Steve Wozniak sues YouTube over ongoing bitcoin scams



According to the lawsuit, filed in the Superior Court of the State of California, crooks have been posting videos on the platform claiming that Wozniak is hosting a bitcoin promotion. They convince users that if they send bitcoin to a provided address, “Wozniak” will return double the amount.

“YouTube has featured a steady stream of scam videos and promotions that falsely use images and videos of Plaintiff Steve Wozniak, and other famous tech entrepreneurs, and that have defrauded YouTube users out of millions of dollars,” the complaint reads.

“YouTube has featured a steady stream of scam videos and promotions”

The lawsuit includes screenshots of videos advertising “5,000-BTC” and “10,000-BTC” giveaways from Wozniak, which include images of the Apple co-founder. There appear to be videos using the likeness of other tech leaders as well, including Elon Musk, Bill Gates, and financial self-help guru Robert Kiyosaki.

The plaintiffs, which include Wozniak and 17 other individuals, allege that YouTube is aware of these scams but has nonetheless not taken the videos down.

“Wozniak has suffered, and continues to suffer, irreparable harm”

“Despite Plaintiffs’ and legions of other users’ repeated pleas that YouTube take timely action to end this bitcoin giveaway scam, YouTube repeatedly delayed or refused to do so,” reads the lawsuit. “As a result of defendants’ egregious failures to act and affirmative misconduct in promoting this criminal enterprise, Plaintiff Wozniak has suffered, and continues to suffer, irreparable harm to his reputation, and YouTube users, including plaintiffs, have been defrauded out of millions of dollars. Among other relief, Plaintiffs seek an order requiring YouTube to finally end its outrageous practice of hosting, promoting, and profiting from these criminally fraudulent videos and promotions.”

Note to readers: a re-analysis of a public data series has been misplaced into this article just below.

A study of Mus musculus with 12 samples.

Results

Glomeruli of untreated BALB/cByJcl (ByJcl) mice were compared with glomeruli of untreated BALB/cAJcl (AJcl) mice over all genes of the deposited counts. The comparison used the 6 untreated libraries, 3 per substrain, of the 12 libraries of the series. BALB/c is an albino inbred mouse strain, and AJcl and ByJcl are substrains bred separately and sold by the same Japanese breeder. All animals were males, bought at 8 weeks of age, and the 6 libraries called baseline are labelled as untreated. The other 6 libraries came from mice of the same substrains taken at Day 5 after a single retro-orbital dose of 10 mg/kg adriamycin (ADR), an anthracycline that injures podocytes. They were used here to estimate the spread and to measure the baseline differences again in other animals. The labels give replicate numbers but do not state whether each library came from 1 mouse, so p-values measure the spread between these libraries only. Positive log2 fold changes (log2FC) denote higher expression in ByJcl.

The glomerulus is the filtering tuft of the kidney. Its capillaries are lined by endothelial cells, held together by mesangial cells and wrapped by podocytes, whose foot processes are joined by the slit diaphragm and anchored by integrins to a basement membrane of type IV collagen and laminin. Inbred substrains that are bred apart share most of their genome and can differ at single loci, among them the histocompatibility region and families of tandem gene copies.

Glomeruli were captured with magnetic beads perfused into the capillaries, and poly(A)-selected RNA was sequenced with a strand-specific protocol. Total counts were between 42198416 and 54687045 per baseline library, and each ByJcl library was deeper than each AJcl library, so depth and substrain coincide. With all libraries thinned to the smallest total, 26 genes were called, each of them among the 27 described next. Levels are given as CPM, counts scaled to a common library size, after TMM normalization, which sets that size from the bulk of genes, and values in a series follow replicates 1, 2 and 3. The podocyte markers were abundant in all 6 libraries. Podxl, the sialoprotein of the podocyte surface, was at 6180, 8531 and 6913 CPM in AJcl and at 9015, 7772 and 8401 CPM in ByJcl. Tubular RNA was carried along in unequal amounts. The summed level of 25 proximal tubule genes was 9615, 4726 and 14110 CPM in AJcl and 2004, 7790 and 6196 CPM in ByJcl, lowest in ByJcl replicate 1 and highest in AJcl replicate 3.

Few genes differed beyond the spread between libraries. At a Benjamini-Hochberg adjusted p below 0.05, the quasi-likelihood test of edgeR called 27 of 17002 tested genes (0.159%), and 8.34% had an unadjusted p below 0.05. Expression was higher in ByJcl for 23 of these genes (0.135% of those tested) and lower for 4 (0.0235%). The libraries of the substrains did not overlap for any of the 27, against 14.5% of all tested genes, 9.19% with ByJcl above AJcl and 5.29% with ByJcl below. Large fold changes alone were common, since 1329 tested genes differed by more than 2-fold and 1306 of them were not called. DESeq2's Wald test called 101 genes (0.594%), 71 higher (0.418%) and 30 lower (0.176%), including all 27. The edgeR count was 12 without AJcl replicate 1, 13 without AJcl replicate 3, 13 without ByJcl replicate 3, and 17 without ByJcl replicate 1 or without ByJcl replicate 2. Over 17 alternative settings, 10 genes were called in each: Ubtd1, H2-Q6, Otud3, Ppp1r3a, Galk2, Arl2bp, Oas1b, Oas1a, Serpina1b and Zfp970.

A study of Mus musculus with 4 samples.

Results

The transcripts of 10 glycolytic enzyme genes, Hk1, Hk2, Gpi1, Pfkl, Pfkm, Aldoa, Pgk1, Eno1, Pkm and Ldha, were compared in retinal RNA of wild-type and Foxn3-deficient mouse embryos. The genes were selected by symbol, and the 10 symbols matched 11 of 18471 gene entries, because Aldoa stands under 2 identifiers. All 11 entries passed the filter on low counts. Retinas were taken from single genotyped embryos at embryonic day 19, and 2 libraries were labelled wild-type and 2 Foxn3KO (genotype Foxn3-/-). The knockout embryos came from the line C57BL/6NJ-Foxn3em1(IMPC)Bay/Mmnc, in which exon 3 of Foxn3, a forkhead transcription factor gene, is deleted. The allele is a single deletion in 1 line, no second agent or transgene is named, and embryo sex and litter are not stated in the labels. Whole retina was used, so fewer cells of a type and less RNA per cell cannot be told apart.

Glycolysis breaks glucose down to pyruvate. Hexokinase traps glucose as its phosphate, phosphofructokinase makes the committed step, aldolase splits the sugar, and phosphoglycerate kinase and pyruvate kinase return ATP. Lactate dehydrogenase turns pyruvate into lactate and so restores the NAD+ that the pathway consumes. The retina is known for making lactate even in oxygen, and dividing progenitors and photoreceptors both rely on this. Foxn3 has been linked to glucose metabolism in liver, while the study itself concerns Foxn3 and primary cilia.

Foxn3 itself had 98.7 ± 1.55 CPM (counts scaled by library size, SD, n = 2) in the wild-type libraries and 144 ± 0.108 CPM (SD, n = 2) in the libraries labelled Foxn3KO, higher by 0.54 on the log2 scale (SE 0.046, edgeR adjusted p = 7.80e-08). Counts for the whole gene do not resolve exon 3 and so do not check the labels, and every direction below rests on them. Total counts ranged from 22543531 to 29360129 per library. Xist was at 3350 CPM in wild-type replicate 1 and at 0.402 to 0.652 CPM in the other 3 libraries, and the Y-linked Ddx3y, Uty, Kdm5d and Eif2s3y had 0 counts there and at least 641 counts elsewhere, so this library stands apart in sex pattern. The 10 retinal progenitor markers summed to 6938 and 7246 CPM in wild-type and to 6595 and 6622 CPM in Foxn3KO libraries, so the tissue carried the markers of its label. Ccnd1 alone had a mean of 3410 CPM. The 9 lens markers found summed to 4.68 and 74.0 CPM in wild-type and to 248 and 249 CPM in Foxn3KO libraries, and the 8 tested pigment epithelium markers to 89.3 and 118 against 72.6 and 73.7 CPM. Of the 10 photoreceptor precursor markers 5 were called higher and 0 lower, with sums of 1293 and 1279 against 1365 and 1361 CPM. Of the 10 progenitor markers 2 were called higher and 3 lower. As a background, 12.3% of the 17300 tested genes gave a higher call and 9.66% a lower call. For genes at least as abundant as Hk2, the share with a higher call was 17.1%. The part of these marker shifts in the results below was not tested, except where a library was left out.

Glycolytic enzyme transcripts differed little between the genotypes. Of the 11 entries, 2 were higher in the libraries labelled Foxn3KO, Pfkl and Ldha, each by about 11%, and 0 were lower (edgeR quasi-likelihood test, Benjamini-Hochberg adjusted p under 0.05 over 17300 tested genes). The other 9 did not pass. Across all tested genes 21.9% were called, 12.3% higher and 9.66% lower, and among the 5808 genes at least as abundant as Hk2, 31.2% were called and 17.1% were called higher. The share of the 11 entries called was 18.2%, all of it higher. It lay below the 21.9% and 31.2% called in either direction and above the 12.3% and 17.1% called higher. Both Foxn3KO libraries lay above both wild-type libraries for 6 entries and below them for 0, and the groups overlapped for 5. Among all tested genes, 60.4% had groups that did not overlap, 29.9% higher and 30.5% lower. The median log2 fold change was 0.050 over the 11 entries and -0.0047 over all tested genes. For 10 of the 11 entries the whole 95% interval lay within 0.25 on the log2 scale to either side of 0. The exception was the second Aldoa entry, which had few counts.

We take abuse of our platform seriously, and take action quickly when we detect violations of our policies, such as scams or impersonation,” said a YouTube spokesperson in a statement to The Verge.

Fraudulent “giveaways” have long been a feature of the bitcoin world, but they are getting more attention after a network-wide hack on Twitter that leveraged account access to perform the scam on a massive scale. Last week, hackers accessed the accounts of a number of high-profile users, including Barack Obama, Joe Biden, Elon Musk, Bill Gates, Kanye West, and Michael Bloomberg. Hackers used the breached accounts to announce fraudulent giveaways, claiming users who sent bitcoin to a provided address would receive double the amount in return. The scam is believed to have earned its creators nearly $120,000. (The Youtube scam, while also targeting bitcoin owners, does not appear to involve compromised account information.)

Twitter has also been an unwitting host to bitcoin scams

Twitter acknowledged that situation about an hour after it began, tweeting from its support handle, “We are investigating and taking steps to fix it.” The company eventually locked all verified accounts from tweeting while it looked into the incident, a measure that was in place for over two hours.

“We all feel terrible this happened,” Twitter CEO Jack Dorsey wrote later in the evening. “We’re diagnosing and will share everything we can when we have a more complete understanding of exactly what happened.”